IAC initiated the Community Garden program for sustainable development

As part of its mission and outreach program to develop sustainable communities, the Institute for Art and Culture (IAC) identified the low-income Sher Shah Colony in its vicinity, off Raiwind Road, for the pilot phase of a community gardens program. Government Girls High School in Sher Shah Colony, with the dedicated supervision of its Principal Mrs Zeb un Nisa and a total of 70 students and 10 teachers from grades 7 to 10, are participating in this pilot phase. The organizations that are providing support to the project include ‘Gardening for All’, ‘The Little Arts’ and ‘Adventure Foundation Pakistan’. Professor Sajida Vandal, Vice Chancellor IAC has taken keen interest in furthering the program and Professor Dr. Ali Akbar Husain, landscape expert and Professor at the School of Architecture, Design and Urbanism, IAC, has largely facilitated it

The workshop series began on 13th October 2020 and will continue until December 8. Of the eight workshops planned during this period, three have already taken place at the Government Girls High School, Sher Shah Colony. The workshops aim to provide hands-on training to the girls together with their teachers, the idea being that, once trained themselves, the teachers will, in future, carry out the training themselves without assistance from IAC faculty and other volunteers The workshops held covered topics such as health and nutrition and the benefits of consuming home-grown produce, the importance of organic food, the economic benefits of growing vegetables as a community, the types of vegetables to grow as per season, methods of preparing planting beds, soil mixes and seed and seedling planting. The young trainees worked on the planting beds with great enthusiasm.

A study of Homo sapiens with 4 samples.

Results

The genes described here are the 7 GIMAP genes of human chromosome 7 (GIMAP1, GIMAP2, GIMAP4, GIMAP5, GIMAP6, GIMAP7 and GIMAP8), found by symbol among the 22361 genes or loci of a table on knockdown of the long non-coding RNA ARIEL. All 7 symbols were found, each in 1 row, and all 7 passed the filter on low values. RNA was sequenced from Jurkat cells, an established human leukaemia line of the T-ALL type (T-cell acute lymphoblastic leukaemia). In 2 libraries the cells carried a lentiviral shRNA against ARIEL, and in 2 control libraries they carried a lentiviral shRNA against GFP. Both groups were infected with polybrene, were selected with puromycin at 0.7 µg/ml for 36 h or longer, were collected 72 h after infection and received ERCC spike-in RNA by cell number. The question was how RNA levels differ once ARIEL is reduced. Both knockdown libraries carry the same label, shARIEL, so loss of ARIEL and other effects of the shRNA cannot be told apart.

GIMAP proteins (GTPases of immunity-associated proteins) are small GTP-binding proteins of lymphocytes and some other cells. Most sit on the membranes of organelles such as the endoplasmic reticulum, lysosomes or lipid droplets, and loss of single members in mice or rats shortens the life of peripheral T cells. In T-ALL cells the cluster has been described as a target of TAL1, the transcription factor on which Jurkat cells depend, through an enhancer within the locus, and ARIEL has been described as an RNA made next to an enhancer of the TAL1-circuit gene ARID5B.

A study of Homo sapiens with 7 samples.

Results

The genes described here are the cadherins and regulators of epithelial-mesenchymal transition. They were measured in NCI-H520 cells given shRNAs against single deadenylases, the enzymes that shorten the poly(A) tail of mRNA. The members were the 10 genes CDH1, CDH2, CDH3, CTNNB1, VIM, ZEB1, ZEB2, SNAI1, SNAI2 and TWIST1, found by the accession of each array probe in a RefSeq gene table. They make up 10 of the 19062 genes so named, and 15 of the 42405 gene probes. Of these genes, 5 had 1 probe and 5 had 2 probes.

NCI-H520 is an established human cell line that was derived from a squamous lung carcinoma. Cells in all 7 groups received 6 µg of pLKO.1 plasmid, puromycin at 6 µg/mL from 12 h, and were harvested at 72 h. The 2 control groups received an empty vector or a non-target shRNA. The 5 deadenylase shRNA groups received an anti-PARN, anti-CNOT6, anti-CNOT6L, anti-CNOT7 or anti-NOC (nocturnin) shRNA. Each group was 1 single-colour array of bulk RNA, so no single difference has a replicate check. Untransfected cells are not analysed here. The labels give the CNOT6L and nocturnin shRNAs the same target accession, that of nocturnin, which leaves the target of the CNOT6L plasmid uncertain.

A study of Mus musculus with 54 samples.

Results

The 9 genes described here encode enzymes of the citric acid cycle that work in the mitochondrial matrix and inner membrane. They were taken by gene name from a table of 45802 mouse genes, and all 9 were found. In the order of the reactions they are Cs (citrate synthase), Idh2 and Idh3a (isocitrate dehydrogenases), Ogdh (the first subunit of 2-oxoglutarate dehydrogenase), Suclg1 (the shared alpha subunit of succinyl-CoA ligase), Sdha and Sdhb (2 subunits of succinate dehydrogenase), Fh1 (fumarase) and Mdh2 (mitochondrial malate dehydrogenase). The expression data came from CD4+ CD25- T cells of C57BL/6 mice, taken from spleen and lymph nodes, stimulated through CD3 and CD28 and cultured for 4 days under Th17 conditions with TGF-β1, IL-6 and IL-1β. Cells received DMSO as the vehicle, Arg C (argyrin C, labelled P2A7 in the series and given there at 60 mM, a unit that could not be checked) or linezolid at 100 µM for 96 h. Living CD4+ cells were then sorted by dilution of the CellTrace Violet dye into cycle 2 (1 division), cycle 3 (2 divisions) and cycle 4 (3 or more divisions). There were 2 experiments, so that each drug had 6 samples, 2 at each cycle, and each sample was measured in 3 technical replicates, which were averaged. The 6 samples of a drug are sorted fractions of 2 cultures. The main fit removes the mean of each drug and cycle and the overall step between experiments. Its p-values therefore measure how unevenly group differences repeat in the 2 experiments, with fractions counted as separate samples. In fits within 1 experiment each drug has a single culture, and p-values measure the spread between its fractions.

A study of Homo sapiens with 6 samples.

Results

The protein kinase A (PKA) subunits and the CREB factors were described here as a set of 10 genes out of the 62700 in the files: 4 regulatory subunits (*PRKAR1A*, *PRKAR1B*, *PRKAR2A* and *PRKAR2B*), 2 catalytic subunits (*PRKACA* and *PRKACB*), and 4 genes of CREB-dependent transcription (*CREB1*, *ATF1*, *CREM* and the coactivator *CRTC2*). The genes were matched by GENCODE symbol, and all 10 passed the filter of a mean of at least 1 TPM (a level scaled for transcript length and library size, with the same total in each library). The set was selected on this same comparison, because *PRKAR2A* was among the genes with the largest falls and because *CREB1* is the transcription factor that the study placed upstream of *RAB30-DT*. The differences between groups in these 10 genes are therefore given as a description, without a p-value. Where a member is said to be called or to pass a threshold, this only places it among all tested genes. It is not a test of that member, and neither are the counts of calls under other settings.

The general idea behind a community garden is that a single plot of land, lying vacant, or owned by local authorities, a non-profit organization, or a school, is turned into a communal vegetable garden that can be nurtured by individuals within the community. A community garden can help to build, or restore, a sense of community spirit, bring the joy of gardening to the community, provide a means of local food production, promote healthy life styles and cleaner environments and, above all, provide a means of income generation to the community as a whole, making for self-sufficiency, community empowerment, and involvement.

Assisted by garden experts, professional bodies, and volunteers, IAC seeks to ensure the long-term continuity of this project by providing appropriate training at both public and private-sector schools and with the active and whole-hearted involvement of the schools together with the communities they represent.